Rose didn't play in a single game last season, due to injury, but now he's criticizing a team that reached the conference finals in 2013 instead of his own? That doesn't make a whole bunch of sense to me
Derrick Rose, star point guard for the Chicago Bulls, has not played in a NBA regular season in over one calendar year, but is still managing to cause controversy and intrigue with his words alone.
Recently, Rose made his feelings clear about the rivalry between his Bulls and the Indiana Pacers, the Bulls' biggest competition in the Eastern Conference's Central Division. Chicago's franchise player made it clear, before a recent preseason contest vs Indiana, that he thinks Chicago's only real rival at this point is the defending champion Miami Heat. The Chicago native reiterated how the Pacers-Bulls conflict could escalate more into a heated rivalry in the years to come, but it is not much of anything right now.
From ESPNChicago's Nick Friedell: "People say that it's a rivalry, but I don't really see it," Rose said before scoring 32 points in the team's 103-98 win against the Pacers…"
"If anything, by probably in a year or two, it [the Pacers] could become a rival. But right now, people say it's a rival. …I just don't see it now."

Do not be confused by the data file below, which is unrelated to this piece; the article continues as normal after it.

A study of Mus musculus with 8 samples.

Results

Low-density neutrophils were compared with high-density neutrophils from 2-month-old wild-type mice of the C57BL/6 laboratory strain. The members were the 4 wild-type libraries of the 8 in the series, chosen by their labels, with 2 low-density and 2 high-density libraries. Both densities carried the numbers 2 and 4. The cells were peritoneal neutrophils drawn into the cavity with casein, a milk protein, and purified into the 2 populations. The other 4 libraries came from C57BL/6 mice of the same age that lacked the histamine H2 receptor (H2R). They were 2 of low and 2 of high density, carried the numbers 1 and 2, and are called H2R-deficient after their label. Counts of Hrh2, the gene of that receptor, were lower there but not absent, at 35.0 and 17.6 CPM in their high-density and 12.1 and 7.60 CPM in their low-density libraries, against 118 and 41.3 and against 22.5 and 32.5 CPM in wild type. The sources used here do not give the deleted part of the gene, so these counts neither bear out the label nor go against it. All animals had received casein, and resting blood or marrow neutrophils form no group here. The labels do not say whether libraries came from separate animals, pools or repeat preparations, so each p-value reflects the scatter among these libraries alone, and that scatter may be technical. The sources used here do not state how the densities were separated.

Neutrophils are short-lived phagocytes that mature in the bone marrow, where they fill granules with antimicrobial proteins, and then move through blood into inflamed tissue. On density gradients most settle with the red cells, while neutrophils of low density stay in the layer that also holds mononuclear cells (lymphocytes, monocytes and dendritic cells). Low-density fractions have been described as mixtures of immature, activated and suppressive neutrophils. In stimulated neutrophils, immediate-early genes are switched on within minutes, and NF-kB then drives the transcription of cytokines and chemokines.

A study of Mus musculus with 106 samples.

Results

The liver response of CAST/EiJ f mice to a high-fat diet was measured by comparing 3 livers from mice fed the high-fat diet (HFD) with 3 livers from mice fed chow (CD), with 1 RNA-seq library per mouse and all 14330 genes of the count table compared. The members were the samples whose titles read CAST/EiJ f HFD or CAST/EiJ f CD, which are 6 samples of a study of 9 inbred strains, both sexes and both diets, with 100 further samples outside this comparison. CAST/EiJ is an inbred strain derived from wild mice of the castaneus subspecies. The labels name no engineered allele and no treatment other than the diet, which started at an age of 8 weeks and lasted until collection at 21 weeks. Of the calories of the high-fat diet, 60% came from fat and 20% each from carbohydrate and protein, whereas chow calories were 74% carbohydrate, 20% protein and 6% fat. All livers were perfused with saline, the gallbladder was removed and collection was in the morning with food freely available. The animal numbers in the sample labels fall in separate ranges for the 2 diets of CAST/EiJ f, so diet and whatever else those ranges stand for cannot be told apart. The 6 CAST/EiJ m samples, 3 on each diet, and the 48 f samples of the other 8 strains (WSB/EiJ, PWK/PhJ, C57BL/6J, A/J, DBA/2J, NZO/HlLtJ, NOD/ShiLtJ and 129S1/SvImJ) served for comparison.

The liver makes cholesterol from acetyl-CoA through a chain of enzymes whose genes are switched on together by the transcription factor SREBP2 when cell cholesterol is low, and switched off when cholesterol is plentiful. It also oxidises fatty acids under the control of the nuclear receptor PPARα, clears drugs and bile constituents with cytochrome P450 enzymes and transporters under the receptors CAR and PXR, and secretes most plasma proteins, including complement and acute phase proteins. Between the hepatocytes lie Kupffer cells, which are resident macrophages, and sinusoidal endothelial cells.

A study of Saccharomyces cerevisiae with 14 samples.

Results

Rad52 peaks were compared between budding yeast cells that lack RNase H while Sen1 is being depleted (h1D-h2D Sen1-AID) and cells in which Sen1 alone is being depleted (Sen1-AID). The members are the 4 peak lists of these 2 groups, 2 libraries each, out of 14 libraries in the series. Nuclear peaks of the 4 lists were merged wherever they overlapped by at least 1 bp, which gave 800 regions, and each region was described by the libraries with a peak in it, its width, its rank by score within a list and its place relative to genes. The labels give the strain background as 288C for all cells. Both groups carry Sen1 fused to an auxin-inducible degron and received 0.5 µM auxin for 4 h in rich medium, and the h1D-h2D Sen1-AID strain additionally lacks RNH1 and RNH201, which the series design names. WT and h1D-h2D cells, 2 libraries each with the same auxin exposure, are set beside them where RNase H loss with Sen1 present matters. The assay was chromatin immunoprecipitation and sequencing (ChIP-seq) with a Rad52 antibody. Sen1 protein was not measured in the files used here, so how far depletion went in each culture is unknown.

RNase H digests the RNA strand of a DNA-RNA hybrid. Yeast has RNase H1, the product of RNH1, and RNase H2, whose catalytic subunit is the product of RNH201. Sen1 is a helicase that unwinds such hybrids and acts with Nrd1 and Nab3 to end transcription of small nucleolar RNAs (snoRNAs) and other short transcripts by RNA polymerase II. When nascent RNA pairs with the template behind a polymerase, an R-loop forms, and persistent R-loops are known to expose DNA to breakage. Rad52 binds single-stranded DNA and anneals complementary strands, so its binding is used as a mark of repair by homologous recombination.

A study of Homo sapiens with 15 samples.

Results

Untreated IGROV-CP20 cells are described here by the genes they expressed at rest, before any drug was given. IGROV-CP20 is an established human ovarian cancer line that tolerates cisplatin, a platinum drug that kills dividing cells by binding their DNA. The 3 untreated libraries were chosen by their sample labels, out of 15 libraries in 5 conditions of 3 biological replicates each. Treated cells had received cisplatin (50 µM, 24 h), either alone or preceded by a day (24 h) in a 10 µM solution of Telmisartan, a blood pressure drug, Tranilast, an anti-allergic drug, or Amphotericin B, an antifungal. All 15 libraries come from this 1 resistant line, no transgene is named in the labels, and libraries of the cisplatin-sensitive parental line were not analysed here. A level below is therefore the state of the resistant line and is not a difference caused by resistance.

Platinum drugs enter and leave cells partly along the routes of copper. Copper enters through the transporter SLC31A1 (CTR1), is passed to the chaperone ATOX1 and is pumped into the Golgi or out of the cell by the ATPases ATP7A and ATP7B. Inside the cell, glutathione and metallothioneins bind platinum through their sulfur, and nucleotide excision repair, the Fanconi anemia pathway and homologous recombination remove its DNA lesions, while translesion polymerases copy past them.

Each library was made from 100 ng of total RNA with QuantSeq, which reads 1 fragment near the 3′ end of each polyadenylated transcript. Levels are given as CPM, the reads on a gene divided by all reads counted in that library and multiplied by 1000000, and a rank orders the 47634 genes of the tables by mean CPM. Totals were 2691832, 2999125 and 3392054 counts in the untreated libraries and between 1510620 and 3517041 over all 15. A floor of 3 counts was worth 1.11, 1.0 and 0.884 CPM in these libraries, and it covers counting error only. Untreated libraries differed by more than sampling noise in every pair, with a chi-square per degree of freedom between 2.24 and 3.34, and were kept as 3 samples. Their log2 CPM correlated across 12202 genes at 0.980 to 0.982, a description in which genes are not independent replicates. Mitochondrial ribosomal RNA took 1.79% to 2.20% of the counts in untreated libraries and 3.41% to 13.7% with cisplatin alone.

Harsh words from Rose who, even with some backtracking, clearly does not view the Pacers as an elite team in the East or a viable competitor for the Bulls to have to deal with. Remember, this is an Indiana team that was one win from winning the East and heading to the NBA Finals. So it makes it a bit more confusing as to why Rose would even say something to the tune of disrespecting a top contender.
Players on the Pacers, such as Danny Granger, have talked for years about how they want to establish a tight rivalry with their divisional foes from a state to the west.
"…We're [the Pacers and the Bulls] really close, so a lot of times there's a lot of Bulls fans here [Indiana] and vice versa. I think as long as we're in the division, we're going to be rivals."– Danny Granger on Indiana, from ESPNChicago's Nick Friedell.
When one half of a possible "rivalry" situation thinks a competition exists between the involved teams but the other half does not, the sides are primed for a very, very interesting season series.
For the Pacers, they have to prove to Chicago and Derrick Rose that they are still the team which nearly won the Eastern Conference a year ago. For the Bulls, they have to live up to the lofty expectations they have assigned to themselves and those other teams have assigned to them. If not, it could be a very embarrassing year for Tom Thibodeau's troops, which makes this contention all the more exciting for the regular season starting in less than a week.